So, your six-year-old daughter has been dreaming of becoming a computer scientist. And, as much as you tell her that she will be able to do anything she wants to do, what you’re not telling her is the reality of the gender gap within every STEM field in this country. In fact, any field to do with science, technology, engineering or math has been dominated by men, and shielded from women, for centuries, and the effects of this remain today. According to a 2011 report from the U.S. Department of Commerce, highlighted by Forbes, only one out of every seven engineers is a female, and there has been no employment growth for women in the STEM fields since 2000.
The reasons behind this gap are varied, but we do know that a presence of more females in the STEM fields is a huge need. A lack of encouragement of girls to pursue math and science most definitely persists even at the grade school age. This subtle gender bias, mixed with a lack of female role models in STEM fields as it is, can change the direction of thousands of girls’ lives who may have once wanted to invent the next technological breakthrough. “The reason there aren’t more women computer scientists is because there aren’t more women computer scientists,” said Jocelyn Godfen, director of engineering at Facebook, summing up the problem to Forbes.
While the reality is a bit sad as we stand today, what we can do is come to a more solid understanding of the huge lack of female input in these very important fields and why this needs to change.
First and foremost, we need more women in the STEM fields so we can recruit the most talented people possible. If we are silently limiting half of the population, we are only living up to half our potential. As Myra Sadke, author of trailblazing 1973 book, Sexism in School and Society, and long-time researcher and advocate for women in the math and sciences once stated, “If the cure for cancer was in the mind of a girl, we might never discover it.”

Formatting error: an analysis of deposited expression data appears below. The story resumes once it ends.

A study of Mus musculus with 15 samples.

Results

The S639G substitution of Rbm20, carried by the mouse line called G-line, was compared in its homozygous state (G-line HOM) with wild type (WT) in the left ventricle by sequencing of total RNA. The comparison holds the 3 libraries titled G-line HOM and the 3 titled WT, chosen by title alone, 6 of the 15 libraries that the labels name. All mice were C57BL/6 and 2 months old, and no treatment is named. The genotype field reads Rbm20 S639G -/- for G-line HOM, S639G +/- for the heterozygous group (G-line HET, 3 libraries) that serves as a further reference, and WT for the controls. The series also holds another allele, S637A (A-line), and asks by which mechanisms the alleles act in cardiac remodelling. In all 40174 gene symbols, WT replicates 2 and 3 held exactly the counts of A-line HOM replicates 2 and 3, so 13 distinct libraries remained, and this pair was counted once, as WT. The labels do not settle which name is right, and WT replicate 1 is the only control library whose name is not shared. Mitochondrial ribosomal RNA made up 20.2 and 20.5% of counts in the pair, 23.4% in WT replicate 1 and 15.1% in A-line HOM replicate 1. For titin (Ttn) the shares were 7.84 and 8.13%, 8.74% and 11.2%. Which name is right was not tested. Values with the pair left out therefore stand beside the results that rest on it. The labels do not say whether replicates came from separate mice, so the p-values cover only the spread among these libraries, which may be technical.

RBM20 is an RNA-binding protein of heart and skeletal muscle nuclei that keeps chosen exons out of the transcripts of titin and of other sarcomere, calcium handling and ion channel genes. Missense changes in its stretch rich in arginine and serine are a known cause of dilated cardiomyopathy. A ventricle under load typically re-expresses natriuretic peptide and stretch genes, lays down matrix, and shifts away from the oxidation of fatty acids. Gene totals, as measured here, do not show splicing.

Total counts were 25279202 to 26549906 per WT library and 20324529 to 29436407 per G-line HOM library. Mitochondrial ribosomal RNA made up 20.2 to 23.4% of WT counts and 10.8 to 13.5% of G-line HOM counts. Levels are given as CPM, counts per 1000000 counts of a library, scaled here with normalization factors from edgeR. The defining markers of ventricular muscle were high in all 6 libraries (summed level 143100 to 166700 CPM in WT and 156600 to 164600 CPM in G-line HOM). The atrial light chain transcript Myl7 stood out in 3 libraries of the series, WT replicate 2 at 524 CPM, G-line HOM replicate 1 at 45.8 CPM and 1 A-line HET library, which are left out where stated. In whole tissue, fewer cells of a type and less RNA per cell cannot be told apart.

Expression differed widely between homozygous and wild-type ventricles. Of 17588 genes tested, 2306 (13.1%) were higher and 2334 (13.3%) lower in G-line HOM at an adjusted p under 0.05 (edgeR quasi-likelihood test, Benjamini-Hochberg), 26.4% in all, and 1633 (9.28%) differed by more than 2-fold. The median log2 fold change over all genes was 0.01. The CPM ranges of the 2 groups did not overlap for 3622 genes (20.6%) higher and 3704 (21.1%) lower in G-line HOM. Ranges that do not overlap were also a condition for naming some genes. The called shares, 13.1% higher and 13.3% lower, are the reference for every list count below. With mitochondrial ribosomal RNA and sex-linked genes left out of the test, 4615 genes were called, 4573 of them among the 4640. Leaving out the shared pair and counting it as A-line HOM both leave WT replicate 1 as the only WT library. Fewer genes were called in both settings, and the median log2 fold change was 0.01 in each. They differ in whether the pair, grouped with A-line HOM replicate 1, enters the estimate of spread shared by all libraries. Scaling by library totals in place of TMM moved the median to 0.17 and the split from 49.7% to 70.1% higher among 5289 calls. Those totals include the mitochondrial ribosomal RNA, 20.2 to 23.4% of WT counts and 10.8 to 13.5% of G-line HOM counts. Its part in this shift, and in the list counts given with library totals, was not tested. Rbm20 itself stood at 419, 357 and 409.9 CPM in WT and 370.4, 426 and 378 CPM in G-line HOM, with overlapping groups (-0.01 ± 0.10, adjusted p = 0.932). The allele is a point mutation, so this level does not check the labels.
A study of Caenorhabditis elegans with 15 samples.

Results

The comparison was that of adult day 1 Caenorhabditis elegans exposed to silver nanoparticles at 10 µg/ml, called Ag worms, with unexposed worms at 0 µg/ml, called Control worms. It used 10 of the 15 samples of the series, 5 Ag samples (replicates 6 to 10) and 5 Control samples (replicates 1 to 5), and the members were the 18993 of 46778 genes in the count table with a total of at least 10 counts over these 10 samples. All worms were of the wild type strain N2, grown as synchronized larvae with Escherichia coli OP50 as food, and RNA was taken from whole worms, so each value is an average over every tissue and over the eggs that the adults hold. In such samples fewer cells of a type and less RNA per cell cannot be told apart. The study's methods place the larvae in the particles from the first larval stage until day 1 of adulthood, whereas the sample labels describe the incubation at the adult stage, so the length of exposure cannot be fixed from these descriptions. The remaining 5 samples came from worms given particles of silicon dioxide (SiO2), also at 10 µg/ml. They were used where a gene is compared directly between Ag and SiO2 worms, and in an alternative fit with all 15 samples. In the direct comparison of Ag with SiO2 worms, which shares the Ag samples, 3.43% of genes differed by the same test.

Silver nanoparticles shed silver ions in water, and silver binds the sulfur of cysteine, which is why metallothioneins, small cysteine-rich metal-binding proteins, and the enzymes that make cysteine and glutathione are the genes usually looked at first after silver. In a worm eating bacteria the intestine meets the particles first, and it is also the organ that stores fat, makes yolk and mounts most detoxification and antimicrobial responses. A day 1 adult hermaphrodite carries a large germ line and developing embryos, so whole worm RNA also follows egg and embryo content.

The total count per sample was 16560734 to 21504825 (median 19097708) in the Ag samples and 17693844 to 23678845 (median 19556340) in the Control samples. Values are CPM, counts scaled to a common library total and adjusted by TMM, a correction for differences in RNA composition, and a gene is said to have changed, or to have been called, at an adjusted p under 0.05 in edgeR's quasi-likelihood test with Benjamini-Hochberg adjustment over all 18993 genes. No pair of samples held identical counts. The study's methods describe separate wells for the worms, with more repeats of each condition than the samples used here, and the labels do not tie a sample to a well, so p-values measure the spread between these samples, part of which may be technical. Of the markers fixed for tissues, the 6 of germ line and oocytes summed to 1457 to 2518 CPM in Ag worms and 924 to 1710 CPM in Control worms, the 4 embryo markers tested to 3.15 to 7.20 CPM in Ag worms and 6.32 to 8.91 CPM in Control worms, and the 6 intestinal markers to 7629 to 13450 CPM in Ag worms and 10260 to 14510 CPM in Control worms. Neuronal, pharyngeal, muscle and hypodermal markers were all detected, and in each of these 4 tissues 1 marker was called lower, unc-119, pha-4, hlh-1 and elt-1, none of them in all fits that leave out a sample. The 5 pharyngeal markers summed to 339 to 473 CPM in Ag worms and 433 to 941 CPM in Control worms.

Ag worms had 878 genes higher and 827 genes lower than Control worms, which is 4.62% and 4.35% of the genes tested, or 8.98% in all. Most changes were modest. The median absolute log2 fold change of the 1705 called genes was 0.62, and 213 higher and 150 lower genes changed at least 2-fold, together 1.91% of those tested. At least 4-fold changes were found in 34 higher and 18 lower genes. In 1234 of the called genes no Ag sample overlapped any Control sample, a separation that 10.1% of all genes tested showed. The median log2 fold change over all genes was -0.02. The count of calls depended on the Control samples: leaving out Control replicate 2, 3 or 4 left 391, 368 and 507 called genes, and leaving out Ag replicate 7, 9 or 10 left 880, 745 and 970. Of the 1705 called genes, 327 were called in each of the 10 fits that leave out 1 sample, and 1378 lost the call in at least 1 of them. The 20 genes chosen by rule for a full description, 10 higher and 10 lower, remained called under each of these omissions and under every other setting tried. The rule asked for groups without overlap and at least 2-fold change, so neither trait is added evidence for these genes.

A stronger presence of women in the STEM fields would also allow for a more well-rounded perspective in future innovations and technologies. When your scientists and inventors are solely men, there are just some elements of experience that they will not be able to bring to the table, and their solutions for society will only be best fit for the male half.
The need for women in STEM fields will also help to work against stereotypes about the math and sciences, in general. Engineers, programmers, and mathematicians are often presented as dweeby men, when, in fact, brilliant minds in these fields run the gamut of all colors, genders, sizes and social prowess. The ability to make STEM fields seem more accessible to anyone and everyone could do so much for science and humanity, as a whole. In fact, the Obama administration has recently announced an expansion of Title IX efforts in the math and sciences to meet the growing disparity between the genders represented in these fields.
Could this be a signal that the lack of women present in STEM fields is about to change? We can certainly hope for the best as we continue to push for more equal voices in these hugely important fields.
Nadia Jones is an education blogger for www.onlinecollege.org. She loves writing about education news and reform and exploring the possibilities of new learning models. Please contact Nadia with comments and questions at email@example.com.